European Charter of local Self-Government (Incorporation) (Scotland) Bill

In May 2020, I introduced the European Charter of Local Self-Government (Incorporation) (Scotland) Bill. The Local Government and Communities Committee is currently consulting on the Bill as part of the Stage One scrutiny process.


In June 2018, I published a draft proposal for a Bill to incorporate the European Charter of Local Self-Government into Scots law. Details of that consultation together with responses are available at www.europeancharter.scot

In May 2020, I introduced the European Charter of Local Self-Government (Incorporation) (Scotland) Bill. The Local Government and Communities Committee is currently consulting on the Bill as part of the Stage One scrutiny process. The deadline for written evidence to be submitted is Thursday 17 September 2020.

What is the Bill about?

The European Charter of Local Self-Government is an international treaty of the Council of Europe, the 47 member body established in 1949 to promote democracy, human rights and the rule of law across the European continent. Perhaps the most well-known treaty of the CoE is the European Convention on Human Rights.

The Charter is an international legal instrument that lays out a set of legal protections for local government. It was opened for signature on 15 October 1985, was ratified by the UK on 24 April 1998 and came into force on 1 August 1998. Further details on the Charter can be found on the CoE website here. Just as with human rights, the CoE carries out monitoring and makes recommendations to its members relating to the principles of the Charter and how they are being implemented in member states. This is undertaken by the CoE’s Congress of Local and Regional Authorities.

Unlike many European countries, the legal systems of the UK are dualist. That is to say, domestic and international law are distinct and separate from one another. In countries with monist systems, international law has the same status as domestic law. So for an international treaty such as the Charter to have legal effect in Scots law, it must be incorporated by an Act of Parliament. Only then can it be admissible (and be applied) in domestic courts.

At its core, that is what this Bill is about. It incorporates the European Charter of Local Self-Government into Scots law and it makes it unlawful for Scottish Ministers to act in a manner which is not compatible with the Charter.

Why does this matter?

The Charter is designed to provide constitutional protections for local government. At the moment, in Scotland and the rest of the UK, such protections are absent for two reasons. Firstly, unlike most countries, the UK does not have a written, codified constitution within which the status and functions of local government would normally be set out. Secondly, because the Charter is not incorporated into Scots law, it is not admissible before the courts. If you believe the Articles have been violated, there is nothing you can do about it.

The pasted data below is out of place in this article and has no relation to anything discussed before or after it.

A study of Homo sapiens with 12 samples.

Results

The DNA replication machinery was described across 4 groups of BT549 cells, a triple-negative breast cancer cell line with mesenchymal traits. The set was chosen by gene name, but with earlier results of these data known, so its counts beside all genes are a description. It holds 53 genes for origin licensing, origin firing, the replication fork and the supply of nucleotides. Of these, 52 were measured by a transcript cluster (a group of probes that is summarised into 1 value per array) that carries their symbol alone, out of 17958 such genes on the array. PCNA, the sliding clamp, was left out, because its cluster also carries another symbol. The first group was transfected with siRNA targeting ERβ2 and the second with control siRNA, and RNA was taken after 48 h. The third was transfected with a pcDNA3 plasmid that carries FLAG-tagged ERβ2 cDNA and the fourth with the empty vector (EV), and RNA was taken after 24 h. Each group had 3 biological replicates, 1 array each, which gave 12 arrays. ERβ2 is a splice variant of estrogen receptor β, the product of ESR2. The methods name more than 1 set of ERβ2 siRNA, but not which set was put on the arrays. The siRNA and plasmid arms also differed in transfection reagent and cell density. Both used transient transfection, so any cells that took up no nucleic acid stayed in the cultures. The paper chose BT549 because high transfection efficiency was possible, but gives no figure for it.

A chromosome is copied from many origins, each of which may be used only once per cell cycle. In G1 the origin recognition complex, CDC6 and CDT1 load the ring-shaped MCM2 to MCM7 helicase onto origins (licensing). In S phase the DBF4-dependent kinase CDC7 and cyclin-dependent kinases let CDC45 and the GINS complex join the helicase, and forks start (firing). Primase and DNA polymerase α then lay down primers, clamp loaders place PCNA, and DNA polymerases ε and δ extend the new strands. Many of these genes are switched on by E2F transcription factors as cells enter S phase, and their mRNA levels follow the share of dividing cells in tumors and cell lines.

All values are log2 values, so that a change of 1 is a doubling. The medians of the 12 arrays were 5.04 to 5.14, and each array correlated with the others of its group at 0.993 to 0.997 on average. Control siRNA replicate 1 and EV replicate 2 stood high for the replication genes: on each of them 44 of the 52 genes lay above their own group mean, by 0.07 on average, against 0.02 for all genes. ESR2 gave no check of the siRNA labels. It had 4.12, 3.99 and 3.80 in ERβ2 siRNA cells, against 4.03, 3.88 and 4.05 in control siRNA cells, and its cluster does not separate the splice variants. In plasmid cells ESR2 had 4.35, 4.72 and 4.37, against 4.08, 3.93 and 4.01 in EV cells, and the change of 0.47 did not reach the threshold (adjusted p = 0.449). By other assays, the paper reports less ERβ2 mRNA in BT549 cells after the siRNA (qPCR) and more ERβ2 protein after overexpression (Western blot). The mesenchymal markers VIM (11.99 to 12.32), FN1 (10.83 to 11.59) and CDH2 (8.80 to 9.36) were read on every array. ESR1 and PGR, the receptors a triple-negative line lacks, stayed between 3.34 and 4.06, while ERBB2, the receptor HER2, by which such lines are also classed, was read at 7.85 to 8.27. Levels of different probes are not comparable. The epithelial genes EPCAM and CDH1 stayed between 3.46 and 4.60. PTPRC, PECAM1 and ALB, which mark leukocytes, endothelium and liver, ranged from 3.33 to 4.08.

By incorporating the Charter, the Charter Articles become part of the law of Scotland. Anyone can challenge any executive action of Scottish Ministers or legislation passed by the Scottish Parliament if they believe that either is incompatible with the Charter (which, being international law, has primacy). The Courts will have the power to quash actions of Scottish Ministers and secondary legislation as well as to issue a declaration of incompatibility for primary legislation. The Bill gives legal teeth to the Charter, makes it part of Scots law and means that its provisions can be relied upon to challenge domestic administrative actions and laws.

The intention of introducing this legislation is not to encourage legal actions, but to heighten the awareness of the Charter’s provisions and to ensure compliance with them. To that end, the Bill also places a duty on Scottish Ministers to promote local self-government and to report at least every five years on what they have done to safeguard and reinforce local self-government and increase the autonomy of local councils. The Bill also places a duty on any MSP introducing Bills to Parliament to make a statement about the extent to which, in the view of the MSP, the Bill is compatible with the Charter Articles.

Support for the Bill

Calls for the Charter to be incorporated have been made by the Council of Europe’s Monitoring Missions to the UK, Committees of the House of Commons, COSLA’s Commission on Strengthening Local Democracy and the Scottish Constitutional Convention. COSLA has been campaigning for incorporation of the Charter since 1981 when the draft Charter was then under discussion in the Council of Europe’s Congress of Local and Regional Authorities.

Where Now?

The Bill is currently being scrutinised as part of Stage One scrutiny by the Local Government and Communities Committee. Its consultation closes on 18 September 2020 and you can find more about how to submit your views here.